Books to savor and learn from

There are many wonderful books dealing with the topic of horticulture therapy; everything from esoteric explorations on the people-plant relationship to helpful, hands-on guides for dealing with the needs of specific populations.

We've assembled a few here to get you started. A click on most of these titles or thumbnails will take you directly to AHTA is an associate member of Amazon and earns a tiny percentage of your purchase price.


Janeen R. Adil
1995, Woodbine House


Presents all the information and practical know-how necessary for designing, planting, and maintaining a garden that suits the special needs of young and older gardeners with physical disabilities. Dozens of mail-order sources are provided for the many tools, seeds, plants, and other materials discussed.

Joann Woy
1997, Stackpole Press


Gardening can become difficult and strenuous when an accident, illness or advancing age brings on physical disabilities. The guide offers tips and techniques that return the joy of gardening to those with special needs. Included are recommendations for modifying an existing yard for gardening ease, advice on selecting ergonomic tools and low-maintenance plants, as well as directions for constructing raised bed planters.

James Jiler
2006, New Village Press


This is the first comprehensive guide to in-prison and post-release horticultural training programs. James Jiler combines an engaging personal account of running a highly successful horticultural vocation program at the largest jail complex in the United States with a practical guide to starting and managing prison and re-entry gardening programs.

Gene Rothert, HTR
1994, Taylor Trade Publishing


This is a personal account of horticultural therapy, or gardening with disabilities, by someone who shares his own firsthand experiences. Rothert discusses gardening while one is seated, making raised beds and smooth paths, selecting appropriate plants and tools, and performing maintenance chores. Rothert includes lists of his favorite plants, organizations, enabling gardens, and sources for gardening supplies.

Rachel Kaplan & Stephen Kaplan
1989, Cambridge University Press


A study of the natural environment, people, and the relationship between them. The authors offer a research-based analysis of the vital psychological role that nature plays. They try to understand how people perceive nature and what kinds of natural environments they prefer.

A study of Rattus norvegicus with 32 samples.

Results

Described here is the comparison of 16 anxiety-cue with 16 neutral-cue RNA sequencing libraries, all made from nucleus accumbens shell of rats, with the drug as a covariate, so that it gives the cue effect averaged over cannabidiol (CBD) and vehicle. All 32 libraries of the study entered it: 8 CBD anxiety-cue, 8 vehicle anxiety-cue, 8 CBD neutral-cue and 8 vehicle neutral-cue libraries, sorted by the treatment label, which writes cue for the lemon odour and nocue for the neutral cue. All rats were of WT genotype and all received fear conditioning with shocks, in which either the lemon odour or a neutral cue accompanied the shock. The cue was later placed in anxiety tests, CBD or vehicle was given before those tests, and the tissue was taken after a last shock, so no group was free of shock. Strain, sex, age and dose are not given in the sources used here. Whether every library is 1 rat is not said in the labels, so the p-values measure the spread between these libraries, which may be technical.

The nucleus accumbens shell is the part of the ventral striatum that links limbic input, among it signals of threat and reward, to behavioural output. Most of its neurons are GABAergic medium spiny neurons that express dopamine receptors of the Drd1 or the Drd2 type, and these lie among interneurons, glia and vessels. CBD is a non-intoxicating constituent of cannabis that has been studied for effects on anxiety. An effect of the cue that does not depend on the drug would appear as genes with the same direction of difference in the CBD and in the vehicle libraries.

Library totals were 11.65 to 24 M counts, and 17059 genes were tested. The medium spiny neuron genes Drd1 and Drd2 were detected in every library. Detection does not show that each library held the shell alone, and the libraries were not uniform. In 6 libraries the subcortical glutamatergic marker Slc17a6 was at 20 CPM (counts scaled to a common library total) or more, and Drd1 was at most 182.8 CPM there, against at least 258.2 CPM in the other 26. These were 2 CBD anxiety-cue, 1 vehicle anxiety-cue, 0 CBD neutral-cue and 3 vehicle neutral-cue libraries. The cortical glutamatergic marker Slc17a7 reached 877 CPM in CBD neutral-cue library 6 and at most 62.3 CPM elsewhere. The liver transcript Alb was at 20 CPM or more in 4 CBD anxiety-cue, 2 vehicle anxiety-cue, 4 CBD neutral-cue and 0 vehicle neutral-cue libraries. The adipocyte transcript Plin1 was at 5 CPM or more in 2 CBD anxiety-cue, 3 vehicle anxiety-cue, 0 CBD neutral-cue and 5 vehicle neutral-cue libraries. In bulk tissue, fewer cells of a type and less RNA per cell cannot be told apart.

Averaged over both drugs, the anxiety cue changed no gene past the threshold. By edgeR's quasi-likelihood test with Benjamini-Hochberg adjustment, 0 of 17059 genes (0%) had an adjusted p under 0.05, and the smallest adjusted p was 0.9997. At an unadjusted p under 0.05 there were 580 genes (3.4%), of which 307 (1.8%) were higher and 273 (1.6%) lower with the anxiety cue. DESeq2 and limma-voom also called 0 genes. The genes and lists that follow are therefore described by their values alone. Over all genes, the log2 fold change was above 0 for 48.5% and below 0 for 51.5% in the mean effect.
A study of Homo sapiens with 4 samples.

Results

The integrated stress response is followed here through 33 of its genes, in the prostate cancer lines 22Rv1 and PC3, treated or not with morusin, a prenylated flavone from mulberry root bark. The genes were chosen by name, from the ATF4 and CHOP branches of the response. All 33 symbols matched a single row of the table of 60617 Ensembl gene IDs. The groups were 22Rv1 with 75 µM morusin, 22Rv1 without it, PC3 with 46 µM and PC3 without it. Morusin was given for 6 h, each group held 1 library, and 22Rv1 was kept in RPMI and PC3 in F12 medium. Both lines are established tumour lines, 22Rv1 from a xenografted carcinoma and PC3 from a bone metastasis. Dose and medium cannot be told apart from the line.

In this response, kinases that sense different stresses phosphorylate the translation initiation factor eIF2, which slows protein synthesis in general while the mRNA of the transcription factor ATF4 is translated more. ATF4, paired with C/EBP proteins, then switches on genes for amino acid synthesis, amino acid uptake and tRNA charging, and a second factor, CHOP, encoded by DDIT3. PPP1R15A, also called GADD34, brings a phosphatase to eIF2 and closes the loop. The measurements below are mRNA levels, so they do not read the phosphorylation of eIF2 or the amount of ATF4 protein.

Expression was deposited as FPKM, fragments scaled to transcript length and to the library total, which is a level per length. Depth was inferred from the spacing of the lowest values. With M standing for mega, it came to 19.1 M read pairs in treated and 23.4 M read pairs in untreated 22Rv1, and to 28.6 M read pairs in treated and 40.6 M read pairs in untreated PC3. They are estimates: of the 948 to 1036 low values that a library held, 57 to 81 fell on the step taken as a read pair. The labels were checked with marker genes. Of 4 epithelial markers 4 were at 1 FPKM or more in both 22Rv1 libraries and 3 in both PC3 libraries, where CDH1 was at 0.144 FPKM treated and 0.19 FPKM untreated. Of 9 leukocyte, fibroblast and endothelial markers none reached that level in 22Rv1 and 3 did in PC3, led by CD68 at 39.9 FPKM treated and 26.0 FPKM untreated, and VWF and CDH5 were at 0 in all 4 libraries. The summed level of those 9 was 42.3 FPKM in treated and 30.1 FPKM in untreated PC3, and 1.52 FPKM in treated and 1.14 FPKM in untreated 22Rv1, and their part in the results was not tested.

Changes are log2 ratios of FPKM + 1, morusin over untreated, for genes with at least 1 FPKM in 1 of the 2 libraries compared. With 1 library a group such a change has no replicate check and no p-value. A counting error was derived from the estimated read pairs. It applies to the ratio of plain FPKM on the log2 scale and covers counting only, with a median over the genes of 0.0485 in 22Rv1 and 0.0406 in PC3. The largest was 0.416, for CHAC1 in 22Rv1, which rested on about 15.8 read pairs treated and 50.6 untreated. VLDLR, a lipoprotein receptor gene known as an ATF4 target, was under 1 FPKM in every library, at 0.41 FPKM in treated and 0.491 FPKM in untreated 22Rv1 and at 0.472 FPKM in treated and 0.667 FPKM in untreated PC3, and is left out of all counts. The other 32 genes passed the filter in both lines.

Hank Bruce & Tomi Jill Folk
2004, Petals and Pages


This book overflows with school gardening projects, related activities and ideas. Many subject areas are brought into play in these thirty outlined gardens, from math and science to reading and the arts. This book was written by horticultural therapists with the intention that is be used as a resource in pubic schools, for grades K-12 including special needs students. It is also ideal for independent study, youth groups, home schooling and families. There are detailed projects for both indoor and outdoor gardens ranging from vegetables to butterfly gardens, Native American plants to the rainforest. Hundreds of related activities are listed to make the fullest use of the gardens.

Natasha Etherington
2012, Jessica Kinglsey London


A garden or nature setting presents the perfect opportunity for children with Autism Spectrum Disorders and special needs to learn, play and strengthen body and mind. This book empowers teachers and parents with little gardening know-how to get outside and use nature to motivate young learners. Using a mindfulness approach, Natasha Etherington presents a simple gardening program that offers learning experiences beyond those a special needs student can gain within the classroom.

Hank Bruce
2004, Petals and Pages


This is an idea resource for horticultural therapists and activity professionals in senior care facilites, hosptals and rehab centers. There are themed gardening activities for a wide range of functioning levels and hundreds of activites that relate to the plants being grown. Avenues for socialization, opportunites to relive memories and make new discoveries abound as residents, patients, clients and staff share the joy and wonder of gardening.

Hank Bruce
1999, Petals & Pages Press

In this book Hank Bruce introduces the field of horticultural therapy and describes the garden as a powerful place of renewal and connection. The reader is invited to explore the ways that gardening programs can be used as a therapeutic tool for abuse victims, rehabilitation centers, Alzheimer and stroke patients, inmates in prison systems, drug addicts and a multitude of special populations. The value of community gardens in the health of a community is explored. This book even suggests that there is a role for gardening in the workplace as a way to reduce conflict and improve productivity.

Jean M. Larson and Mary Hockenberry Meyer
2006, Food Products Press


Intergenerational gardening programs bring the generations together. This book presents a tested, hands-on, easy-to-use activity plan that benefits the development of relationships between adults over 70 and school-age children. It shows how to limit frustration for both groups, how to plan activities that are functional and non-contrived, and how to assure that the interaction between elders and children is rewarding and pleasant for both. The activities rely on inexpensive, readily available tools and resources available throughout the growing season. This unique sourcebook shows you, step-by-step, how a Sensory Garden can come alive in a structured therapeutic horticulture program.